TUN supports peaceful resolution of education challenges

Niël Terblanché

The Teachers Union of Namibia (TUN) has thrown its support behind the Ministry of Education, Arts, and Culture’s efforts to encourage teachers and principals to resolve challenges within the education sector amicably.

The TUN’s Secretary General, Mahongora Kavihuha, expressed his agreement with the Ministry’s Executive Director, Sanet Steenkamp, who emphasized the detrimental impact of divisions in schools on the overall effectiveness of educational institutions.

Kavihuha cited a troubling example of a school in the northern region, where approximately 70 percent of teachers, including the principal, have faced charges of misconduct.

“Regrettably, the issue remains unresolved, underscoring the urgency for a collaborative approach in addressing such concerns,” he said.

As the new school year commenced Steenkamp called upon teachers to imbue excitement and empathy into their interactions with first-time schoolgoers.

She encouraged them to instil a strong work ethic from the very beginning of a student’s educational journey.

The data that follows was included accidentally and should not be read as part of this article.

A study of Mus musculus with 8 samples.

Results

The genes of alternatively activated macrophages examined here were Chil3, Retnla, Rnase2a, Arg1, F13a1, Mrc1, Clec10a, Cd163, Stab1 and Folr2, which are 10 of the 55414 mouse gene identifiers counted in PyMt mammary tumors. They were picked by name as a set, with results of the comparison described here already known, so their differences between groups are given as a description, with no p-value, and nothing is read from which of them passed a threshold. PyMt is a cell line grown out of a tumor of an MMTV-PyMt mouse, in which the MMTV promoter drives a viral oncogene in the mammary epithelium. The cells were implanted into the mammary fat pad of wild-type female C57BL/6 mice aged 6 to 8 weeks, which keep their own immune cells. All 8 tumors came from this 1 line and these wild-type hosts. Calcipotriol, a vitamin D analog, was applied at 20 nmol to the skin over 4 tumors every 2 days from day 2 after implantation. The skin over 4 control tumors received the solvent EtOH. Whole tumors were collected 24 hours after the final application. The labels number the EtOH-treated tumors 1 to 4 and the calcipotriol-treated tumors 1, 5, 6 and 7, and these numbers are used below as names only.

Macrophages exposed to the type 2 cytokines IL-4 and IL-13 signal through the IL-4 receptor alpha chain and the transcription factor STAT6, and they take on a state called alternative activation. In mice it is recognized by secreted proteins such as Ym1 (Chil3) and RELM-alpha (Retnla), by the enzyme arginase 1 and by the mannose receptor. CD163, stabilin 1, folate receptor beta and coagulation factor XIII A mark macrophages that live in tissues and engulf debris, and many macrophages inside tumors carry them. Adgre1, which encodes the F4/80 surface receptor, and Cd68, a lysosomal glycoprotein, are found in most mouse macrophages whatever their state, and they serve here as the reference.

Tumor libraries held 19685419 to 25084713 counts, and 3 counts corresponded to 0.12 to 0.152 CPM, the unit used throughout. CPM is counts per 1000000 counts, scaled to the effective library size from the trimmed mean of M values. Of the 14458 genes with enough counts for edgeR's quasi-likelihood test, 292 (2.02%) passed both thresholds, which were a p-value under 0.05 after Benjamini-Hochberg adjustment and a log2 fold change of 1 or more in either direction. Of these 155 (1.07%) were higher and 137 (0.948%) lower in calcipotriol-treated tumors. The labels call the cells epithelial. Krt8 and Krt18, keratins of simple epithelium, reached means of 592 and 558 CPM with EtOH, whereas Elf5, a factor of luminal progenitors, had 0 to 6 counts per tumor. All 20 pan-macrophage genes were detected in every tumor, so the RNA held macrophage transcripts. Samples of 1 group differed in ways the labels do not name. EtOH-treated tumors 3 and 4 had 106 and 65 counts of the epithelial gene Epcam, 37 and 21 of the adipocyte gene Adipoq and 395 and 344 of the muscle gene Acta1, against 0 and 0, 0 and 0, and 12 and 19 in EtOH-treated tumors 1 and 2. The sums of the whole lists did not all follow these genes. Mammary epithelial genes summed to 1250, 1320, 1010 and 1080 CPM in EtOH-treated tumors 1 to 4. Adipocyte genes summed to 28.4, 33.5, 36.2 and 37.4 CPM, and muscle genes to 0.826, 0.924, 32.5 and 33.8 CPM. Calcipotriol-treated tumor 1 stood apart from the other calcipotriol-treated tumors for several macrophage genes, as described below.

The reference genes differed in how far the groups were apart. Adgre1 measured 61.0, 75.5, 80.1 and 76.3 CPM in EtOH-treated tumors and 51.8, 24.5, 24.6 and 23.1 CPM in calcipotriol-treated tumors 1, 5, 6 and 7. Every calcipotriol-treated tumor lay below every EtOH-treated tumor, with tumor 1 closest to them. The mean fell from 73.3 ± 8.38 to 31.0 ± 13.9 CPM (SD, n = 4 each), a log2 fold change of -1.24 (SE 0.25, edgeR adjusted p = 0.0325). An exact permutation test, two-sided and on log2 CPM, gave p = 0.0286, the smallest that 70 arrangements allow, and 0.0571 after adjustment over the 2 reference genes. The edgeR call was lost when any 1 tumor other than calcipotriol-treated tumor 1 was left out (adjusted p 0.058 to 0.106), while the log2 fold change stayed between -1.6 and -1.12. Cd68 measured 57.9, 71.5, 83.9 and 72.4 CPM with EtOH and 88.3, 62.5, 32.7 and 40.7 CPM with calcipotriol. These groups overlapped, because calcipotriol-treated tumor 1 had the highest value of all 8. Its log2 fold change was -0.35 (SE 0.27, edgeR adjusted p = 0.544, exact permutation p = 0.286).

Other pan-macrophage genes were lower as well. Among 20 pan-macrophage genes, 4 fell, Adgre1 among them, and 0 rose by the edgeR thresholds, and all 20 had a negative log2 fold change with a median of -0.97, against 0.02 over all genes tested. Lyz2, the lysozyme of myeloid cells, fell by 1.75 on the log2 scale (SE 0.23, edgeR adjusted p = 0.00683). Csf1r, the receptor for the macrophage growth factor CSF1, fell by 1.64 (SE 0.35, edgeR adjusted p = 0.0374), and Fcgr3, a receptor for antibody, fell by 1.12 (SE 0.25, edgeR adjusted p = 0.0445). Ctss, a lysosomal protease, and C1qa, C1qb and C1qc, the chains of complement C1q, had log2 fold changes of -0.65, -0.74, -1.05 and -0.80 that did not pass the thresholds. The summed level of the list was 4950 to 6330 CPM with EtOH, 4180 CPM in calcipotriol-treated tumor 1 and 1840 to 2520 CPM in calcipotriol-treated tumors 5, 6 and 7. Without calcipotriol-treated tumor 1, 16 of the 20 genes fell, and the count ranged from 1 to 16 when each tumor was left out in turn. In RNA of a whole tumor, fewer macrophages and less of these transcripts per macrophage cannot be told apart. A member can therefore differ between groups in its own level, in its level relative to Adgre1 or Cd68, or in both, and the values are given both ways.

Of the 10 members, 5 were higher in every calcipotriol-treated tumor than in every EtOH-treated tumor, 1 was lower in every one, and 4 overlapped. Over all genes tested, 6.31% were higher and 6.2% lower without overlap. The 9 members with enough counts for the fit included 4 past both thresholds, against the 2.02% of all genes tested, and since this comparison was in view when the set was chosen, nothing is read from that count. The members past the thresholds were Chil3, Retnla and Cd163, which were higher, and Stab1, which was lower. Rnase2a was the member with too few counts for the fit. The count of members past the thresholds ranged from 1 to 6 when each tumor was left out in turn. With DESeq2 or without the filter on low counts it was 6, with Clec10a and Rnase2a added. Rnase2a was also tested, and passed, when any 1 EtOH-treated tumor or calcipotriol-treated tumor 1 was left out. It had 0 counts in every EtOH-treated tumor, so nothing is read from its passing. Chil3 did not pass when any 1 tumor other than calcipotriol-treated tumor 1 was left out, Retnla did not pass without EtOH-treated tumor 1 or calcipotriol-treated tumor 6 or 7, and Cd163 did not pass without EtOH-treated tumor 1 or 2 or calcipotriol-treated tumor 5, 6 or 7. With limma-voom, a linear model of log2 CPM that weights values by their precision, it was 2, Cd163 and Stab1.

Steenkamp stressed the pivotal role that educators play as the first and most influential role models in children’s lives and urged them to wield their authority positively, avoiding any misuse of professional power.

“In every classroom and subject, we must ensure that each child acquires the necessary competencies. We must address ill-discipline and bullying, fostering an environment of respect,” Steenkamp stated, emphasizing the responsibility of shaping the characters of future leaders that teachers bear.

However, amidst these calls for unity and improved educational standards, the results of the 2023 ordinary and advanced subsidiary level exams released by the education ministry have shown only marginal progress.

While acknowledging some improvements in the national results, Kavihuha expressed dissatisfaction with the overall performance, suggesting that celebration might not be warranted.

Education minister, Anna Nghipondoka recently revealed that 75 percent of learners did not meet the required marks to pursue tertiary studies. Additionally, only a slight increase of three percent more learners qualified for university enrollment than the previous year.

On the matter of the revised high school curriculum, Kavihuha voiced TUN’s opposition to allowing learners to exit school at Grade 11, deeming it too early in their development.

He also clarified TUN’s stance on performance agreements that school principals, directors, and inspectors are required to sign with teachers.

“While TUN does not object to the concept of performance agreements, we call on the government to address TUN’s demands before implementing them,” he said.

Kavihuha acknowledged that challenges exist and expressed the hope that the shared commitment to resolving them will lead to improvements in the education sector.